Not since 2017, Eric Hosmer's last year with the club, have the KC Royals started a new season with no issues at first base. Carlos Santana provided some comfort as the 2021 campaign began, but speculation he'd be a trade deadline target even in his Kansas City first season surfaced early, and he eventually proved he wasn't the first base solution.
This season will be different. Barring injury or some unanticipated intervening circumstance, first base belongs to Vinnie Pasquantino. He earned the job by slashing .295/.383/.450 and clubbing 10 home runs in the half-season he played as a rookie after the Royals called him up in late June. And another disappointing effort from Hunter Dozier, and Nick Pratto's poor performance in his first shot at the majors, solidified Pasquantino's claim to first.
Pasquantino, then, should make the Royals comfortable with their first base situation when they open the season March 30 at Kauffman Stadium against Minnesota.
How long that comfort level lasts, though, remains to be seen. Pratto could complicate things.
There's a way Nick Pratto could take first base away from Vinnie Pasquantino.
After lighting up Double-A and Triple-A in 2021 with 36 homers, 98 RBIs, and a .385 OBP and .988 OPS, Pratto didn't hold a candle to Pasquantino at the plate last season. Pasquantino was hitting .277 with 18 homers and 70 RBIs when KC promoted him; at the same time, Pratto was batting .233 and had homered 11 times. And while Pasquantino's bat was excellent in the majors, Pratto's wasn't: his .184 average triggered his mid-September demotion to Triple-A Omaha.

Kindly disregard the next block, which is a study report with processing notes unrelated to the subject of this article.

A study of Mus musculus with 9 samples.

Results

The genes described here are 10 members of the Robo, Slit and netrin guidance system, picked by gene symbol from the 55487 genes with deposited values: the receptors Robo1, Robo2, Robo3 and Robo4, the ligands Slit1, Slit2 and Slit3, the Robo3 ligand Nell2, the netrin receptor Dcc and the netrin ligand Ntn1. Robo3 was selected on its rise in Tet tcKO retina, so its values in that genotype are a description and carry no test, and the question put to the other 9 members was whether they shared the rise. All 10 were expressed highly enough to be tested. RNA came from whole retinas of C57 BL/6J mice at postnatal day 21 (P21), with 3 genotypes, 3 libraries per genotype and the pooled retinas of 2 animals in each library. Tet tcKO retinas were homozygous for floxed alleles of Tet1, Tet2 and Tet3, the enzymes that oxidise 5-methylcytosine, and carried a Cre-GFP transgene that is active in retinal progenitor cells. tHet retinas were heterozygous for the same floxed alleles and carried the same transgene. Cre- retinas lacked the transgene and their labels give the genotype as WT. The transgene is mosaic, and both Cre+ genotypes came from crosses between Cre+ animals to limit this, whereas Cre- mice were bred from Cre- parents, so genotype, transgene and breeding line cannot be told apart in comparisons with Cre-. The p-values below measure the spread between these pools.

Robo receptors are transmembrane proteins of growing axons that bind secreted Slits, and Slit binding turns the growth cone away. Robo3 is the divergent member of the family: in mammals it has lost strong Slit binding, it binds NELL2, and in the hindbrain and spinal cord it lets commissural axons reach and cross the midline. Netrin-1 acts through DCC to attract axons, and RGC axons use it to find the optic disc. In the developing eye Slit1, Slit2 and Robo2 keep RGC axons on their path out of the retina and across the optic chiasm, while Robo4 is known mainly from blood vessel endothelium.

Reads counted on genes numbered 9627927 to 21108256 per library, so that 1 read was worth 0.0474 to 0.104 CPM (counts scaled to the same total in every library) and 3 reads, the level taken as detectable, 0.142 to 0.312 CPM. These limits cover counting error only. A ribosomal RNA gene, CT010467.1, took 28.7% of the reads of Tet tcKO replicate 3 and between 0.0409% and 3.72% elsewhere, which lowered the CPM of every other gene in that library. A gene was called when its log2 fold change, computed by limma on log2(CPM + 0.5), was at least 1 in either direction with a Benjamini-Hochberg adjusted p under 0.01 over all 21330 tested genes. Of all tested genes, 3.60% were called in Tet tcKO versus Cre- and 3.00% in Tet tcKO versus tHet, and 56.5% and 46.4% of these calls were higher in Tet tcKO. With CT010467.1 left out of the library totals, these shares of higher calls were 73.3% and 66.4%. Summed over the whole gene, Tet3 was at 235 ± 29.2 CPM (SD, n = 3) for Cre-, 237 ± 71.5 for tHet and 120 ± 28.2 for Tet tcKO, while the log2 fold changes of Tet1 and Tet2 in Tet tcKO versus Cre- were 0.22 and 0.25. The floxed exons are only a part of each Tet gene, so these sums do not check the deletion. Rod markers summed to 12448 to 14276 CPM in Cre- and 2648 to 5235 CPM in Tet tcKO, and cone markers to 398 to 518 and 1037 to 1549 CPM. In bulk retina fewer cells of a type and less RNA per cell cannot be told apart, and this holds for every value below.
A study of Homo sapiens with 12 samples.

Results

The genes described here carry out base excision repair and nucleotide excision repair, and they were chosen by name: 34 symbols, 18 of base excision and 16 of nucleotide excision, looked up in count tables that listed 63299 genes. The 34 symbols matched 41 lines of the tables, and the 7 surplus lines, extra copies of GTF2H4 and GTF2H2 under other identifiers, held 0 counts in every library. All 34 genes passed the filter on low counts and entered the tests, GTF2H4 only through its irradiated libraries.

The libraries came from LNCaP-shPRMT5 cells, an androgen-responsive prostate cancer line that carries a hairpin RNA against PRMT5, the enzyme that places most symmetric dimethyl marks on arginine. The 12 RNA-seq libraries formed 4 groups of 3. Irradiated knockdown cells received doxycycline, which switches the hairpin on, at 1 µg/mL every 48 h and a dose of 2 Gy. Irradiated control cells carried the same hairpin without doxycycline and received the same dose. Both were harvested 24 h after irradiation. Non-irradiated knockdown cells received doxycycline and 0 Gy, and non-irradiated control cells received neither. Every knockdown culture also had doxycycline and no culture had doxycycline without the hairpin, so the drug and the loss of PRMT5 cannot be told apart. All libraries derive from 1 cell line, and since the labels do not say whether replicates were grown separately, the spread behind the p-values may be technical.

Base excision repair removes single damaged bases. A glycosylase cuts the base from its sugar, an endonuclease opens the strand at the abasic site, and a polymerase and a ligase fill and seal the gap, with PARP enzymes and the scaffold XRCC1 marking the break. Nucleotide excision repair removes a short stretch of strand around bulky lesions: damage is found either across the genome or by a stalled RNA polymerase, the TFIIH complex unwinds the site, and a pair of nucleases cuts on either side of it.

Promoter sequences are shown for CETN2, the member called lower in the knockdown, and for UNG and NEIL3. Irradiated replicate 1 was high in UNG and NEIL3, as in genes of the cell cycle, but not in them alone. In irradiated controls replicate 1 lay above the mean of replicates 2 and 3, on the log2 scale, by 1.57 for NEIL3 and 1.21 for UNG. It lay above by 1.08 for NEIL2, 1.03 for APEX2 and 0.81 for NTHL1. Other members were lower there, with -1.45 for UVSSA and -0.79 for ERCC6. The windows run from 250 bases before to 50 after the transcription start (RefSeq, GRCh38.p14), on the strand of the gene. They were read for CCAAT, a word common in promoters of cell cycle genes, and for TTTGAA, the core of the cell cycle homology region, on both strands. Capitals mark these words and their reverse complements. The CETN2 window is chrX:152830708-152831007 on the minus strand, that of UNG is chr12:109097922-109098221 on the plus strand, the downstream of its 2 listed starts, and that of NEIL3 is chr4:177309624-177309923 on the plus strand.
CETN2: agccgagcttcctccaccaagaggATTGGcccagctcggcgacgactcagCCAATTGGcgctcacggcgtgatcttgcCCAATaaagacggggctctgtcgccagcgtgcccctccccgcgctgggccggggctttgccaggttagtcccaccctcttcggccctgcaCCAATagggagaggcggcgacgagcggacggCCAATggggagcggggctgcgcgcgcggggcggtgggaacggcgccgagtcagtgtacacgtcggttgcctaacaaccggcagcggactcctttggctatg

If Pratto rediscovers how to hit, however, he'll likely dislodge Pasquantino from first base. Pasquantino's defense is certainly adequate, but Pratto's is superior and, assuming he sticks in the big leagues, he'll probably win a Gold Glove or two. Kansas City needs his better glove.
Therein lies the problem Pratto can create.
Nick Pratto taking over first base will mix up the KC Royals' lineup.
Pasquantino won't be out of a job if Pratto plays first. Instead, manager Matt Quatraro will keep his big bat in the lineup by moving him to DH. But it's a move not without complications.
Designated hitter is a shared position in Kansas City. Salvador Perez DH's when he doesn't catch or take a whole day off, MJ Melendez can (and does) fill in there when he isn't catching or playing left field, the Royals occasionally DH Hunter Dozier, and Adalberto Mondesi is certainly a DH candidate from time to time (if he stays healthy).
So, what to do if Pasquantino becomes the primary DH?
The choices are many. Pasquantino can play first and Pratto can take a day off, or vice versa, when Perez needs to DH. Whenever Melendez catches and Perez DH's, Pasquantino can move to first and Pratto to left field, where he's played from time to time in the minors and seven times for the Royals last season. If Melendez DH's, Pasquantino can play first and Pratto can move to left or take a day off.
Pratto playing first will jumble Quatraro's lineup, but jumbled lineups are nothing new to the Royals. Who the first sacker is will determine just how complicated things get.
Time will tell.
Things could get interesting at first base this season.